Sitting through Suzan-Lori Parks' "The America Play" is not unlike a visit to the theme park serving as her central image. The "Great Hole of History" is where onlookers peer down and confront the national mythology as the mighty and famous of yesteryear parade below, and it's a remote experience to some, a stimulating and involving one to others.
Sitting through Suzan-Lori Parks’ “The America Play” is not unlike a visit to the theme park serving as her central image. The “Great Hole of History” is where onlookers peer down and confront the national mythology as the mighty and famous of yesteryear parade below, and it’s a remote experience to some, a stimulating and involving one to others. Despite one critical miscasting, designer-director Nancy Keystone’s L.A. premiere production brings this phantasmagoric pageant to life with all its dense wordplay and overlapping images, and reflects the ever-adventurous tastes of Pasadena’s Theater@Boston Court.
Parks’ consuming interest in the archaeology of the American character is amply exercised in this story of an African-American gravedigger (Harold Surratt) whose startling resemblance to Abraham Lincoln prompts him to earn a living impersonating the great man while patrons reenact his assassination. Parks, of course, later applied the same conceit to her Pulitzer-winning “Topdog/Underdog,” a warmer and more accessible but much thinner work.
Narrating act one in the third person — because it’s “his-story” — the digger proudly shares the secrets of his eerie profession, but while his eyes remain bright, his spirit breaks with each successive mock murder. This “Foundling Father,” as he’s known, deserted wife and son to follow in the footsteps of greatness, only to find those footsteps were always behind him. He has been deafened by the echoes of the past in his head (enhanced in Randy Tico’s skillful sound design).
Surratt is unaffected and compelling in the exhausting role of an archetypal working stiff (pun intended) for whom life’s hard realities put the kibosh on youthful dreams — Parks’ vision of America as well.
In act two, Keystone’s carnival set has been struck to stunningly transform the stage into a black hole, complete with thick mounds of dirt from proscenium to back wall. Wife Lucy (J. Nicole Brooks) has arrived at a chasm dug, “so say hearsay,” by her long-lost husband in imitation of the theme park at which they honeymooned. Determined to locate his literal and figurative remains, she sets son Brazil (Darius Truly) digging for “wonders” as she prowls with an ear trumpet tuned to the hoped-for whispers of her man’s essence.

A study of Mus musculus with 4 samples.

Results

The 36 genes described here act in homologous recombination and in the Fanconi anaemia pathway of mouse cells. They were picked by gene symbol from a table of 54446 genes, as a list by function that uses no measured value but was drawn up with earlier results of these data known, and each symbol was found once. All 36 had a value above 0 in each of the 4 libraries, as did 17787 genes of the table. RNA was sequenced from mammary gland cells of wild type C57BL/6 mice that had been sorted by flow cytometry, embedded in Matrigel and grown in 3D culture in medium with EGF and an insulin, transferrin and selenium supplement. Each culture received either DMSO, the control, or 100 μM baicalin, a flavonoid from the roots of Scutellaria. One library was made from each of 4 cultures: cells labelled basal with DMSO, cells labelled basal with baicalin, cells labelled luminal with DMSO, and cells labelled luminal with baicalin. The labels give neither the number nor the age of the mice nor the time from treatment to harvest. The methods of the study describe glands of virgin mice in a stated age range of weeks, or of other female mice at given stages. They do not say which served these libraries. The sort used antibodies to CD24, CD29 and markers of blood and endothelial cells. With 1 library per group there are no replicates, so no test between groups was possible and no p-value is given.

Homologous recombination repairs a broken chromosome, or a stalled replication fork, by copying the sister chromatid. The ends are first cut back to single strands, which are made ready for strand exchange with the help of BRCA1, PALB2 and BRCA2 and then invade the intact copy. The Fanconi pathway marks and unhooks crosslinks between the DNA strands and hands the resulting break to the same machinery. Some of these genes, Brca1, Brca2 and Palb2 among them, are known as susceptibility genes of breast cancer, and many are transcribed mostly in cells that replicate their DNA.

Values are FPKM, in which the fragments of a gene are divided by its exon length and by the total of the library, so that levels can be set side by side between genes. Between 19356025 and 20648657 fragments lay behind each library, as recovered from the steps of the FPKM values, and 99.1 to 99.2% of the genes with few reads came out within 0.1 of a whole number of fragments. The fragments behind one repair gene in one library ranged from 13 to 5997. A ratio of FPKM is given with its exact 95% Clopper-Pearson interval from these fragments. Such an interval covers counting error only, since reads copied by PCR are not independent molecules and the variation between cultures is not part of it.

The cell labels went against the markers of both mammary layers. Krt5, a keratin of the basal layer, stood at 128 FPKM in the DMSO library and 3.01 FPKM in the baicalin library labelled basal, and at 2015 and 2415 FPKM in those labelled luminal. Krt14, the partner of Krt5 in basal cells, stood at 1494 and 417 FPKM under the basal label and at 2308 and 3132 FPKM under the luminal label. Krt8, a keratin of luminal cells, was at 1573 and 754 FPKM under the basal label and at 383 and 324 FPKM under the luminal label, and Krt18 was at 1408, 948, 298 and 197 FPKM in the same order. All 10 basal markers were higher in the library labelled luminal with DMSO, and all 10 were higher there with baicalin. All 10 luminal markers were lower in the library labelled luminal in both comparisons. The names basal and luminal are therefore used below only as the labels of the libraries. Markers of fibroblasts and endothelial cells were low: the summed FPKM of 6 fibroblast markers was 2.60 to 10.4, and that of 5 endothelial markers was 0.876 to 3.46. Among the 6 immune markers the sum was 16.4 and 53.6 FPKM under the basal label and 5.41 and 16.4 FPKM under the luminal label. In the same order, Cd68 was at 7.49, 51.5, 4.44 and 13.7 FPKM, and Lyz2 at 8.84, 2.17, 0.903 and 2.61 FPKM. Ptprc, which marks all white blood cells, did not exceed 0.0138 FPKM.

Author assigns Lucy mighty labors to restore her house divided, but Brooks is ill suited to them. That she is at least 20 years too young for the role is less significant than her lack of aesthetic weight. Blithe, even giddy where she should be grimly purposeful, she plays at, rather than inhabits, a wife with the single-minded quest of redeeming her husband’s legacy. The couple’s lack of connection creates a major hole in dramatic interest.
Setting aside the second-act slackness, Keystone proves to be a helmer to watch, as she mixes scenes without demanding the audience dwell on them. By refusing to allow thematic resonance to take precedence over the human drama, she avoids the directorial self-indulgence that so often renders nonrealistic plays unwatchable.
Truly is fine as the conflicted son who both echoes and spurns his father, and Alexa Alexander and Lorne Green sparkle in a variety of smaller roles.
Brooks actually begins to catch fire in her 11th-hour incantations to call forth the digger’s spirit, and the final tableau of the Father rigid in his upright coffin with coins on his eyes — Lincoln pennies, naturally — is a chilling metaphor for the inescapable role that the dead past continues to play in our personal and national consciousness.